Monday, June 30, 2008

roof

So, is it "roofs" or "rooves" for you? Both in spelling and in pronunciation. Dwarfs or dwarves? Halfs or halves?

Also does the vowel in roof sound closer to the vowel in tooth or the vowel in book or woof woof (depending on how you say woof woof)?

For the phonetically inclined, in the first question, I'm asking if the last fricative is voiced or voiceless, which means "are your vocal cords vibrating?" which is the difference between f and v. For the second question, I'm asking if the vowel is a tense high back rounded vowel (booth, true, woo) or lax high back rounded (book, cook, hook). Tense versus lax here is the degree to which your lips are rounded and just how high and back your tongue is (or how far down and close together formants 1 and 2 are).

10 comments:

Robin S. said...

This is an interesting one.

I spell 'roofs' and say "rufes'.
I've never seen "rooves" as a spelling - that I paid attention to, anyway.

I spell halves and say "haves" with a soft a, as in has/have.

I spell dwarfs and it sounds just like it looks to me.

Does that mean I've been inconsistent?

I love these linguistics posts.

McKoala said...

Voiced for me. Although I think 'rooves' is in the process of changing to voiceless at the moment - not just me, generally.

And it's a roof and a tooth and a woof.

I was on the roof
When I lost my tooth
Then the dog said woof
And guzzled my tooth

Mamaebeth said...

i don't know... now that you have asked, i can't think of which way i say it. i think i say rooves. i don't know if i have ever spelled it, so lets go with rooves.
the vowel sounds like tooth.

the only time i can think of when i would use the plural is "oh, look! there is frost on the roofs." oh look, i used roofs. i stand corrected. i think i might use a sort of soft v sound... it has a little bit of f at the beginning and ends with a little v.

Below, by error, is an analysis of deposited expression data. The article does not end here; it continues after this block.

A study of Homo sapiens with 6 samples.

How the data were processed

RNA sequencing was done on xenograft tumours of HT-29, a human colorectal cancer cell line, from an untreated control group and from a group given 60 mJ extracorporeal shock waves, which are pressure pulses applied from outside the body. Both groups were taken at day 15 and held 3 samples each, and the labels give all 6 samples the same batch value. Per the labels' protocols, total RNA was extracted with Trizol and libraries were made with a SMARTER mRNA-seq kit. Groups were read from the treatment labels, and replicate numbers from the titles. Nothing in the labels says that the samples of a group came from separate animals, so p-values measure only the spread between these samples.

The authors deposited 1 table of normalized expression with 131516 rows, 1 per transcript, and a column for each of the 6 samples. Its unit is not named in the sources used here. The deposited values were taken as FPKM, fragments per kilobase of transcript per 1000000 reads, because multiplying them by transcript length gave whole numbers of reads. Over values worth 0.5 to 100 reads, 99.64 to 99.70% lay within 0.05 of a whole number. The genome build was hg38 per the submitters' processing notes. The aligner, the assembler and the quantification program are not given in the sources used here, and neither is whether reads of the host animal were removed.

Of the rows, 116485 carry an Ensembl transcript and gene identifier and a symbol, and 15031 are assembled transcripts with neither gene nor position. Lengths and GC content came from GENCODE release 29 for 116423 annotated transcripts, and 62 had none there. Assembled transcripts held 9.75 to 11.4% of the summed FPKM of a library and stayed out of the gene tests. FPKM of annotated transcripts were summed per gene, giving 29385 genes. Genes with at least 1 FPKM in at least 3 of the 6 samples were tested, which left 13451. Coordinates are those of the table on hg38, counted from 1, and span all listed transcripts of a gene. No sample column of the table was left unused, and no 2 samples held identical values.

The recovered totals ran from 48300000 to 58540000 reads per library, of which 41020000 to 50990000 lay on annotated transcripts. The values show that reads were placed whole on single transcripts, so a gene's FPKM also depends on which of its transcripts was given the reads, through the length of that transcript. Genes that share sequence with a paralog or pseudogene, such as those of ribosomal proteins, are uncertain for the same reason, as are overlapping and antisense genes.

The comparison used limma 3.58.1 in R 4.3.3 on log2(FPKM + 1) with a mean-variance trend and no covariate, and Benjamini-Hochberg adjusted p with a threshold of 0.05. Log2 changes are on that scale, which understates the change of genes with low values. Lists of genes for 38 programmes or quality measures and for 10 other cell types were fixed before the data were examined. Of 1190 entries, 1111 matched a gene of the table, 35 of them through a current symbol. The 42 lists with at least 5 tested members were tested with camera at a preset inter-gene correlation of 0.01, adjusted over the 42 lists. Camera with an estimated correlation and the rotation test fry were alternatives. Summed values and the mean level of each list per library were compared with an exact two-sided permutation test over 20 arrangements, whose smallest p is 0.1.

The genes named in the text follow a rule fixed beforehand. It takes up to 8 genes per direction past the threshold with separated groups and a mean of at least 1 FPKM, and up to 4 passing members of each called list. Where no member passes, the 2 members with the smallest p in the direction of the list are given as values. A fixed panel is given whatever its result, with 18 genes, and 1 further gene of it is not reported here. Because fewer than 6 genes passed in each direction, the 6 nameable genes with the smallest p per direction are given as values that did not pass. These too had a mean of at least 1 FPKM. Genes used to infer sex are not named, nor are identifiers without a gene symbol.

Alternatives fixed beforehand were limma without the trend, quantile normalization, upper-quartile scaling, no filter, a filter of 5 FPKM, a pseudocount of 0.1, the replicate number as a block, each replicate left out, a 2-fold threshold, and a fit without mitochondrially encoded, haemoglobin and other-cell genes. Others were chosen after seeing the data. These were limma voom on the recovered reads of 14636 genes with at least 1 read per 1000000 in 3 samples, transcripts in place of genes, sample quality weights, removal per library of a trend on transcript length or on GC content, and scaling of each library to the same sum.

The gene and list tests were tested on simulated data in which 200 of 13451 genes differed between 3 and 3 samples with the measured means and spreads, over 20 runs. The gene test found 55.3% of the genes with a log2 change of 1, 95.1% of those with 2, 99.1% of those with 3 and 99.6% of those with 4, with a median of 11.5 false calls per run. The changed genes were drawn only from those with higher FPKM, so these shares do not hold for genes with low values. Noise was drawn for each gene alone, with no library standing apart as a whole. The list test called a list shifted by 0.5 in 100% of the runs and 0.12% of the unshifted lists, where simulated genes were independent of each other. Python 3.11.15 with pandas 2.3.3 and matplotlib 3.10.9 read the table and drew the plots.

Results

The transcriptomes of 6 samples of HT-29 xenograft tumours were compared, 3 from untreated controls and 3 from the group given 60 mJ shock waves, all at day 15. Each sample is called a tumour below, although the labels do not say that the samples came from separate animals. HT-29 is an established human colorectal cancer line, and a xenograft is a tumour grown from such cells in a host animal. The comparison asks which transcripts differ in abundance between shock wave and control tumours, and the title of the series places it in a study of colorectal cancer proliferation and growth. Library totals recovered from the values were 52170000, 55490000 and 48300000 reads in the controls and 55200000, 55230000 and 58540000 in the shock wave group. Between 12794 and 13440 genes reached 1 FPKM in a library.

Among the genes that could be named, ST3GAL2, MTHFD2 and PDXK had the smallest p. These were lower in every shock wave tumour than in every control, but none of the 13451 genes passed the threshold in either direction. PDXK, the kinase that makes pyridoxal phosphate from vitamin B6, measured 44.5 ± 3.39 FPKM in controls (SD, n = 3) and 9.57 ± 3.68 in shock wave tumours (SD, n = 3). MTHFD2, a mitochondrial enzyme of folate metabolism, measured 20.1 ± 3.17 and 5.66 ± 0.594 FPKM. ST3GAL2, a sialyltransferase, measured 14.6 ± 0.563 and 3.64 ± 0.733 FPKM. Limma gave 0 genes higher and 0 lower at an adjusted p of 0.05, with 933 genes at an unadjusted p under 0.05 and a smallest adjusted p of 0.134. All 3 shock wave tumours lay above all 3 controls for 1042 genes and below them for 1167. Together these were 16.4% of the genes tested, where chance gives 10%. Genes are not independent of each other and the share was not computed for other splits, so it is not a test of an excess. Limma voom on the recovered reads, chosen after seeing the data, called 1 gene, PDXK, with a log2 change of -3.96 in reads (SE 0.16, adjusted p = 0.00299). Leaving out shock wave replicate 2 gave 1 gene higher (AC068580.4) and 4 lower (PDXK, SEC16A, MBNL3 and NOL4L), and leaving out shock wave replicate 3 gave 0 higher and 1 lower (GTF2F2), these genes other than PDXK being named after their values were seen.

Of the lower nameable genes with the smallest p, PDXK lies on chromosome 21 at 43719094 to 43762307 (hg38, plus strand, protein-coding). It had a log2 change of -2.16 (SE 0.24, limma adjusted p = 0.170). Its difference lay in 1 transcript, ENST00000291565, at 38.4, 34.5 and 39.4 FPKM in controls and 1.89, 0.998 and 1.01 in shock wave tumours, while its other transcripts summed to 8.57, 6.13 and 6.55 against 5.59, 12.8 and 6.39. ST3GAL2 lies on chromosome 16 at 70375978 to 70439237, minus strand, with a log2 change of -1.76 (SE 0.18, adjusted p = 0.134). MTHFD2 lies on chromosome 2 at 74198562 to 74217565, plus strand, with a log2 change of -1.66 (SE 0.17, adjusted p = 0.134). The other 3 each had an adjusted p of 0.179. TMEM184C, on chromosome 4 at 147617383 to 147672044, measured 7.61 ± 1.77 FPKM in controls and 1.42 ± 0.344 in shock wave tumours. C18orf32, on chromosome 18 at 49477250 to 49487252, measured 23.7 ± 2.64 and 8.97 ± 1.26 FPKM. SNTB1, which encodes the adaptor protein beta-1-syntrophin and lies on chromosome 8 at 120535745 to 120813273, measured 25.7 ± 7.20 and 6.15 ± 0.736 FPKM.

writtenwyrdd said...

Actually, for me it's switch it up. But I do say roof and oil in the funny southern way where it's ruhvs and ruhf, or oil is ohl, for example.

Sammy Jankis said...

I'd spell roofs but pronounce rooves, so I guess that makes me a geographical oddity. Sound is same as tooth.

Precie said...

1) I can't recall an instance in which I've used the term "roofs" in conversation.

2) Frankly, in my particular case, I think it would depend on what words preceded "roofs" in my speech. I suspect that I'd say "rooves" if it were preceded by a tense sound like the /z/ in "those." So I'd say rooves as in "Those roofs were damaged."

But with soft preceding words, I'd say roofs, as in "Shingles have come off all the roofs along this block."

I think.

pjd said...

I'm with Robin on all counts, though I am OK with dwarves (the Tolkein spelling) or dwarfs (the Disney spelling).

Robin S. said...

MCk - you sound like John (my DH).

He says roof and tooth with the "oo" sound the same - sounds like a soft/short "u" sound.

Of course I make mad fun of him.

Whoever heard of a tuthbrush? Apparently- you and John have.

Ello said...

The Roof! The Roof! The Roof is on Fire! Burn M----- F----- Burn!

My contribution to the conversation. So did ya miss me?

Sarah Laurenson said...

dwarves, halves and roofs (like tooth). Though I don't remember ever spelling the plural of roof, I know I've never written rooves.